Watching television more than two hours a day early in life can lead to attention problems later in adolescence, according to a study released on Tuesday.
The roughly 40 percent increase in attention problems among heavy TV viewers was observed in both boys and girls, and was independent of whether a diagnosis of attention deficit/hyperactivity disorder was made prior to adolescence.
The link was established by a long-term study of the habits and behaviors of more than 1,000 children born in Dunedin, New Zealand, between April 1972 and March 1973.
The children aged 5 to 11 watched an average of 2.05 hours of weekday television. From age 13 to 15, time spent in front of the tube rose to an average of 3.1 hours a day.
"Those who watched more than two hours, and particularly those who watched more than three hours, of television per day during childhood had above-average symptoms of attention problems in adolescence," Carl Landhuis of the University of Otago in Dunedin wrote in his report, published in the journal Pediatrics.
Young children who watched a lot of television were more likely to continue the habit as they got older, but even if they did not the damage was done, the report said.
"This suggests that the effects of childhood viewing on attention may be long lasting," Landhuis wrote.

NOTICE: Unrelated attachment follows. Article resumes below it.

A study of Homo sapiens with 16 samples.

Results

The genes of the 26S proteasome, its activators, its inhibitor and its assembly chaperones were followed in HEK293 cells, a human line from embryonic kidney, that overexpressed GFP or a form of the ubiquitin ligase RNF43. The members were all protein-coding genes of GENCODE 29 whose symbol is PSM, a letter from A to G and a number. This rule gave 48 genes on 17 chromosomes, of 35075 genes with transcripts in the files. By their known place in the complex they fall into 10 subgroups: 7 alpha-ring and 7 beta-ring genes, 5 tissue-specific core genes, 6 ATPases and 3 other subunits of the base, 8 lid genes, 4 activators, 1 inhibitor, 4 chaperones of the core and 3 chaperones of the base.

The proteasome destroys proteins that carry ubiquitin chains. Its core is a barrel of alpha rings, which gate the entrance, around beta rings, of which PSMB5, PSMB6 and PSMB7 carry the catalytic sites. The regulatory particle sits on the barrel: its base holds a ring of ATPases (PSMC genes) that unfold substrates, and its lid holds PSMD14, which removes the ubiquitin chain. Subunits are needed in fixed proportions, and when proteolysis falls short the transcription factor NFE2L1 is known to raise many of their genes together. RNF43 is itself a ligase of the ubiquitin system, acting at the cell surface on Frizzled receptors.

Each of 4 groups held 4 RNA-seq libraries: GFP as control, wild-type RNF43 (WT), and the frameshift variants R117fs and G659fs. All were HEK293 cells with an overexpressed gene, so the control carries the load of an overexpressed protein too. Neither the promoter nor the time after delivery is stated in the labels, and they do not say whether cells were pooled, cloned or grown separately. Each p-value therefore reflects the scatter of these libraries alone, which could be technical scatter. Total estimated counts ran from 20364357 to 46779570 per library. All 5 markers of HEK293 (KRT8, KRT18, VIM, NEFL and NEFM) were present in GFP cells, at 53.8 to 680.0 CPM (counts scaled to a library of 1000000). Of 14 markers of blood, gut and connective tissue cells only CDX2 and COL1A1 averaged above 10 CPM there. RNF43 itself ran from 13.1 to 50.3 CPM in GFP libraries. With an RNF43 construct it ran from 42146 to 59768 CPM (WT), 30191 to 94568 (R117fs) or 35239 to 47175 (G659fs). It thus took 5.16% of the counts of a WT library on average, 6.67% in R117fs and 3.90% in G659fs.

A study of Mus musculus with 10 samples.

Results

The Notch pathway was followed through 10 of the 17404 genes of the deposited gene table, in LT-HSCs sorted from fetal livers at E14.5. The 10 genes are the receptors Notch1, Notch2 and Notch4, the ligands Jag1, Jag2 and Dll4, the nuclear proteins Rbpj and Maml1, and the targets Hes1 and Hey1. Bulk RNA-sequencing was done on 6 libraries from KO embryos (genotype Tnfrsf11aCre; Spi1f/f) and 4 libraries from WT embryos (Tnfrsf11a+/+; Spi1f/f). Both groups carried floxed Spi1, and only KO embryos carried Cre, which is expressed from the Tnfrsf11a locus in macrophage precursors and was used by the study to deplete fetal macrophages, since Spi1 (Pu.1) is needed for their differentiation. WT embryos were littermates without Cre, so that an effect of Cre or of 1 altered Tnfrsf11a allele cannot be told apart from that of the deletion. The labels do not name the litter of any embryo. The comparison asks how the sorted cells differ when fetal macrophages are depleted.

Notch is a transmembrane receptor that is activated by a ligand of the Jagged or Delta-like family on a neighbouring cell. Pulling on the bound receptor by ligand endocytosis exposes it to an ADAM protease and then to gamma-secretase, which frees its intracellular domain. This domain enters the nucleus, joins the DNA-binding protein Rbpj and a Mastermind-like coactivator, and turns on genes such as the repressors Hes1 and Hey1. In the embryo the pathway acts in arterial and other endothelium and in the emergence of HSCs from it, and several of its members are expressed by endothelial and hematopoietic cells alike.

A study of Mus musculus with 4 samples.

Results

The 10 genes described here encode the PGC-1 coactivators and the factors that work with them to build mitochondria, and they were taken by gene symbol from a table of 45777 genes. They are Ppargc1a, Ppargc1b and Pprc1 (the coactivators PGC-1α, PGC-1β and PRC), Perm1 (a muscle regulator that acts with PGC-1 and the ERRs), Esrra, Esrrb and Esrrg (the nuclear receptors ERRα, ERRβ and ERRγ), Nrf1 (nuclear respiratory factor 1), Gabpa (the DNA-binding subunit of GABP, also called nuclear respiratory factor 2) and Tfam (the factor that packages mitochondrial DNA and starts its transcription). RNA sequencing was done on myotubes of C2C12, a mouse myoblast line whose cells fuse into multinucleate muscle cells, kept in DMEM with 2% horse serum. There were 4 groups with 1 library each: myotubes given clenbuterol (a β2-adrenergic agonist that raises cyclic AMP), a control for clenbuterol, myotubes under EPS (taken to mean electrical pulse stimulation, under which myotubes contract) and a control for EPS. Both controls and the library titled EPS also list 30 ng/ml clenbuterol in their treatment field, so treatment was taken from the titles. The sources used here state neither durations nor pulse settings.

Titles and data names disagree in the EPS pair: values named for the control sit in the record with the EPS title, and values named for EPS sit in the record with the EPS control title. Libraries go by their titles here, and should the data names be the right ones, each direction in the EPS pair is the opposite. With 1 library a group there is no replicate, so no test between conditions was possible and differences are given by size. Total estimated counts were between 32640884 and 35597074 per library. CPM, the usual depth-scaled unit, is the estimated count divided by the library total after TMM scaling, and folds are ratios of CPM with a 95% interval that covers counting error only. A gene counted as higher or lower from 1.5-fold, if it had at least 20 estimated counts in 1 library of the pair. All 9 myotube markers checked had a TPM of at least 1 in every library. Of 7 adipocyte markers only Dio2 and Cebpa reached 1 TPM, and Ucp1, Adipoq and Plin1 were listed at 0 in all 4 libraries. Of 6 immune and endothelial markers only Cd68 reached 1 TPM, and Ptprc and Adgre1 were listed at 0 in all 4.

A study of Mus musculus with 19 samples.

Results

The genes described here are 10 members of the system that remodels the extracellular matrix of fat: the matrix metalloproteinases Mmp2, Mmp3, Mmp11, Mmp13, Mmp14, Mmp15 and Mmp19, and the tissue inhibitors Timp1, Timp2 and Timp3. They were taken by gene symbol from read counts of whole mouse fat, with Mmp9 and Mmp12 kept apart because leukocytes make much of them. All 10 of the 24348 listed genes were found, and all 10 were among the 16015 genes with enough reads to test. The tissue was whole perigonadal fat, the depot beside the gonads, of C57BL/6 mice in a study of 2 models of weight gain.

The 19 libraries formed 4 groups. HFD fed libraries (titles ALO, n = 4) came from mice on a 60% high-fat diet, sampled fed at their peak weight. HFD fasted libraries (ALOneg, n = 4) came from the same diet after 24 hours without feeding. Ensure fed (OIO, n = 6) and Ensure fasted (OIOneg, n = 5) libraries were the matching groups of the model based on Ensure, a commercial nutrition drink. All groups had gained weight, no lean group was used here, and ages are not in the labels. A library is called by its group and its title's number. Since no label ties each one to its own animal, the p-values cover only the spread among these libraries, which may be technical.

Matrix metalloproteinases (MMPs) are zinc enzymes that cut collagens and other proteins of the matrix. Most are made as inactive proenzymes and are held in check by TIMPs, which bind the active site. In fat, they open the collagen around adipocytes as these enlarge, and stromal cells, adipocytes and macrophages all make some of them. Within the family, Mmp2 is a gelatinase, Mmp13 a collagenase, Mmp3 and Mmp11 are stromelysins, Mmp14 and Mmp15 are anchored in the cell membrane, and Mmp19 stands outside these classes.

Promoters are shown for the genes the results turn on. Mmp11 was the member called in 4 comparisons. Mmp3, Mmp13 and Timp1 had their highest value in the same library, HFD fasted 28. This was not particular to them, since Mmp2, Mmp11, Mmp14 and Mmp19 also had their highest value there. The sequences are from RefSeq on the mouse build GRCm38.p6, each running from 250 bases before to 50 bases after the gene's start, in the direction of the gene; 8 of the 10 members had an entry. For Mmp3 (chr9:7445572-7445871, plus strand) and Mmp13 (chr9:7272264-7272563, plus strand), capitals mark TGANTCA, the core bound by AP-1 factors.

Landhuis offered several possible explanations for the association.
One was that the rapid scene changes common to many TV programs may overstimulate the developing brain of a young child, and could make reality seem boring by comparison.
"Hence, children who watch a lot of television may become less tolerant of slower-paced and more mundane tasks, such as school work," he wrote.
It was also possible that TV viewing may supplant other activities that promote concentration, such as reading, games, sports and play, he said. The lack of participation inherent in TV watching might also condition children when it comes to other activities.
The study was not proof that TV viewing causes attention problems, Landhuis said, because it may be that children prone to attention problems may be drawn to watching television.
"However, our results show that the net effect of television seems to be adverse," he wrote.
Previous studies have linked the sedentary habit of TV watching among children to obesity and diabetes, and another study in the same journal cited the poor nutritional content of the overwhelming majority of food products advertised on the top-rated U.S. children's television shows.
Up to 98 percent of the TV ads promoting food products that were directed at children aged 2 through 11 "were high in either fat, sugar, or sodium," wrote Lisa Powell of the University of Illinois in Chicago.